By   Follow Me on Twitter     Message Deborah Emin       (Page 1 of 2 pages)     Permalink    (# of views)   2 comments




In short order, a rally was planned in College Point to protest the beating on the very streets where it had occurred. We all knew that this was a hate crime. A number of LGBT organizations put the event together and I learned about it on Facebook. This was also occurring while Congress was voting to include gender orientation and sexuality to the hate crime bill. Spearheaded by Matthew Shepard's mother, this legislation did pass the following week.

I had never been to College Point before and it seemed awfully bleak that Saturday afternoon of the rally. The day itself was gloomy but College Point Boulevard was deserted. The police had completely blocked off the street from 20th Avenue down to 14th Avenue. The few hundred people chanting and shouting gave the street more life than it had before and after the march. As we marched along the boulevard, people peeked out at us and waved from behind their blinds in their apartments above hair salons and pizza parlors and Chinese restaurants. Like much of Queens, the place is diverse. Yet, as one man said to me as we stood watching the crowd, College Point is a town that time forgot.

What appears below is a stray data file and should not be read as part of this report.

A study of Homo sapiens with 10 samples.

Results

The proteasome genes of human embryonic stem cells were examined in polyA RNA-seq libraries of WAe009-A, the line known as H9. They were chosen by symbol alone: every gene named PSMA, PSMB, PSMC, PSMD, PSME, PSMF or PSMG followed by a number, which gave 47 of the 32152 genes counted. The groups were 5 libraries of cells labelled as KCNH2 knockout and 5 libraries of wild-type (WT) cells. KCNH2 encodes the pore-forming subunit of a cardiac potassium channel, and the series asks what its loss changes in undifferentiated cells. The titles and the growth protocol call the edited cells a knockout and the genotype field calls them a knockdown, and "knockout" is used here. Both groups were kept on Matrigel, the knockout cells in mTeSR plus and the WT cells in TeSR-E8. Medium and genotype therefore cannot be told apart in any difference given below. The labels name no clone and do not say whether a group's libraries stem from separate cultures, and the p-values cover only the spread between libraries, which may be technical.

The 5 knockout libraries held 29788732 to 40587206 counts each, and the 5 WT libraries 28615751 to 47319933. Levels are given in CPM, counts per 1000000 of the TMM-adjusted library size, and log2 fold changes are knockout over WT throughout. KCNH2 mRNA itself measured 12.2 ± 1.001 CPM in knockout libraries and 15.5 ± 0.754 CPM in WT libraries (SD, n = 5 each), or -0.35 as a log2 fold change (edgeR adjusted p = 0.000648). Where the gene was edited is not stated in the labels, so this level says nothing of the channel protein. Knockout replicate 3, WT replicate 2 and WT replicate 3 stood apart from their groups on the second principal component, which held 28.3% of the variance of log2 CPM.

When the parade reached the park and the speakers stood up to denounce what was done to Jack Price, it stunned me that across the street from where members of Jack Price's family as well as a whole slew of elected officials stood (including the Queens Borough President, Helen Marshall; the Speaker of the City Council, Christine Quinn; the Comptroller and Democratic candidate for Mayor, Bill Thompson, along with numbers of other elected officials), a counter demonstration by Daniel Rodriguez's friends had formed. Somehow they felt a need to be there for him and to proclaim that this was not a hate crime, as if a beating for some other reason was justified so long as it was not a hate crime.